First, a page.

Advancing manufacturing: New state initiatives discussed at BCC

Patrick Larkin of Pittsfield, the founder and director of the Massachusetts Technology Collaborative's Innovation Institute, was one of several officials who discussed the availability of state funded advanced manufacturing initiatives at Berkshire Community College on Tuesday,.

PITTSFIELD — A state-funded, cutting edge manufacturing program is making its way across the state and is targeting the Berkshires for growth.

Two directors of advanced manufacturing programs at the MassTech Innovation Institute provided an overview of the agency's Manufacturing Innovation Initiative, also known as M2I2, on Tuesday at Berkshire Community College.

The innovation initiative is a capital grants program that provides capital cost shares for projects and discovery centers throughout the state, and is aligned with the federal government's Manufacturing USA program. M2I2 is overseen by the Massachusetts Technology Collaborative and the Executive Officer of Housing and Economic Development.

"We would be very interested in talking to anybody who is interested in putting together a project in the Berkshires," said Ira Moskowitz, director of advanced manufacturing program at the MassTech Innovation Institute.

Before a small group of interested participants, Farhad Vazehgoo, senior manager of advanced technology programs at the MassTech Collaborative, described the types of funding and grants that are available through the M2I2 program and its relationship with Manufacturing USA, a network of 15 regional institutions that is focused on specialized technology.

M2I2 is committed to advancing Manufacturing USA's agenda throughout Massachusetts, Moskowitz said. In 2017, the Baker-Polito Administration provided more than $100 million in funding to the program over a five-year span to invest in Manufacturing USA and advance innovation and job growth through cross collaborations among companies, universities, national laboratories, government entities, incubators, accelerators and other academic/training institutions like vocational schools. The funding supports research and development infrastructure in advanced manufacturing sectors such as advanced functional fabrics, integrated photonics and robotics, according to the state.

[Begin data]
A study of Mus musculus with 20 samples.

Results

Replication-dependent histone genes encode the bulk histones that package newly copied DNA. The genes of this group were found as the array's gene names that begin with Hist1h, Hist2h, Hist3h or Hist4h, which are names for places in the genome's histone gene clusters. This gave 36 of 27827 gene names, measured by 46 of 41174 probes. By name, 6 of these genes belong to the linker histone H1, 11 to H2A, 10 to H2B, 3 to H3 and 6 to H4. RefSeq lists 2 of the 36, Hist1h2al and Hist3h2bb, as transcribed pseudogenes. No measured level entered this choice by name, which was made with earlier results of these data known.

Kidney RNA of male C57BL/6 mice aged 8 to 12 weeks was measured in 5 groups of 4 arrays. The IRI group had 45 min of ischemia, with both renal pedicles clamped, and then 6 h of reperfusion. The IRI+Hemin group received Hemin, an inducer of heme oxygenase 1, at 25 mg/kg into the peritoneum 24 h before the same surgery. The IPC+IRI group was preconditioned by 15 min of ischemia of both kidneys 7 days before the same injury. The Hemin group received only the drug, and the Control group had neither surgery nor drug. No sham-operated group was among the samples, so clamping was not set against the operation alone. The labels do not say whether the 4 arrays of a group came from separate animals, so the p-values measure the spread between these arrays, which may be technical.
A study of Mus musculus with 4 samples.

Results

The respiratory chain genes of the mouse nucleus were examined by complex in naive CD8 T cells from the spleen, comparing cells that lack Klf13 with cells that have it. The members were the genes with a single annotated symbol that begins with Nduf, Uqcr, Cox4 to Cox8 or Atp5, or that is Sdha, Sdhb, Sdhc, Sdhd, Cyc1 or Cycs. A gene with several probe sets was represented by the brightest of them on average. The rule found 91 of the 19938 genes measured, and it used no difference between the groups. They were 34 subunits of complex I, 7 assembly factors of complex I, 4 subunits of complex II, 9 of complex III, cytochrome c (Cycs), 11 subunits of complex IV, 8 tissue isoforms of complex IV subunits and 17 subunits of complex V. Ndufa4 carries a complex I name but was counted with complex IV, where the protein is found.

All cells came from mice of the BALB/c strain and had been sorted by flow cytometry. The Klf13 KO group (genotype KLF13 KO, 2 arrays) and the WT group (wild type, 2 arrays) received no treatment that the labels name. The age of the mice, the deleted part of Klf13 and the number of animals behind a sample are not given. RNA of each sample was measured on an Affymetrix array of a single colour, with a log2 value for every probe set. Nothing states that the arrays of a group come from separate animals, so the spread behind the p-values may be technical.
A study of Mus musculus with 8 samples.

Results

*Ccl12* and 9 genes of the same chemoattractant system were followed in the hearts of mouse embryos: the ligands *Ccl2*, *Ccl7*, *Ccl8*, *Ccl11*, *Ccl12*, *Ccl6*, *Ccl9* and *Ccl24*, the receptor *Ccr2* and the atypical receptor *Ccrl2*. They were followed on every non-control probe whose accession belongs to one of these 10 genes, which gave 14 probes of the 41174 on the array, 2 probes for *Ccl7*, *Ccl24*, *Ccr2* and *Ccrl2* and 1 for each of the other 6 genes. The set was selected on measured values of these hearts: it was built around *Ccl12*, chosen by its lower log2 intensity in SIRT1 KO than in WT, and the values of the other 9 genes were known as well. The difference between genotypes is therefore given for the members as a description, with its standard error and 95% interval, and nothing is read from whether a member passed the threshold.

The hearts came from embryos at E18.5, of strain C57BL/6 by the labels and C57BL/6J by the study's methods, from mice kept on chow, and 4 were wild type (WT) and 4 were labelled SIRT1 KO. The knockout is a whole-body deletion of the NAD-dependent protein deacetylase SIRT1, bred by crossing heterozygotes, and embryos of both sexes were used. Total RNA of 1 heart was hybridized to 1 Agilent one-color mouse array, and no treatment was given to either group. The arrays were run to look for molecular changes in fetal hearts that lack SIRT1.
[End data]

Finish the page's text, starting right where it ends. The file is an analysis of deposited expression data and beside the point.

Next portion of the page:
The M2I2 program works with applicants from the earliest concept stages to development, Moskowitz said. But "each grant needs to have an investment and a university partner," he added. "We believe in promoting the intersections between technologies."


Massachusetts is the only state in the country that has developed collaborations with three of Manufacturing USA's 15 regional institutions, he added.

Projects eligible for loans must meet the majority of the program's nine qualifying points. With so many advanced manufacturing firms located in the Berkshires, Moskowitz stressed the final qualifying point, projects that impact other regions of the state beyond Greater Boston, to those in attendance.

"Berkshire would be a great place to do some of this work," Moskowitz said.

Although applicants don't have to meet every qualifying point to be eligible for funding, the bar is still set pretty high.

"Eighty to 90 percent of the applications are sent back with ideas for improvements," Moskowitz said.

The state is currently developing a series of Learning Employment and Asset [LEAP] centers across the state to develop some of these high-tech innovation projects, Vazehgoo said. The closest center to the Berkshires is located in Springfield, but Vazehgoo said the program is looking to expand across the entire state.

"We want to create an I-90 corridor by setting up these LEAP centers," he said. "Each center focuses on a different applications so we can join all these LEAP centers together."

He said the M2I2 program is also interested in connecting with projects being developed in both Connecticut and New York state, especially in the Capital Region around Albany, where New York's nanotechnology efforts are located.

"We can't spend money outside of Massachusetts, but connectivity is essential," Moskowitz said.

A representative of a Berkshire economic development agency was impressed with the presentation.

"We're excited about these types of programs and how they can impact the Berkshires," said Kevin Pink, economic development coordinator for the 1Berkshire Strategic Alliance.

Business Editor Tony Dobrowolski can be reached at or 413-496-6224.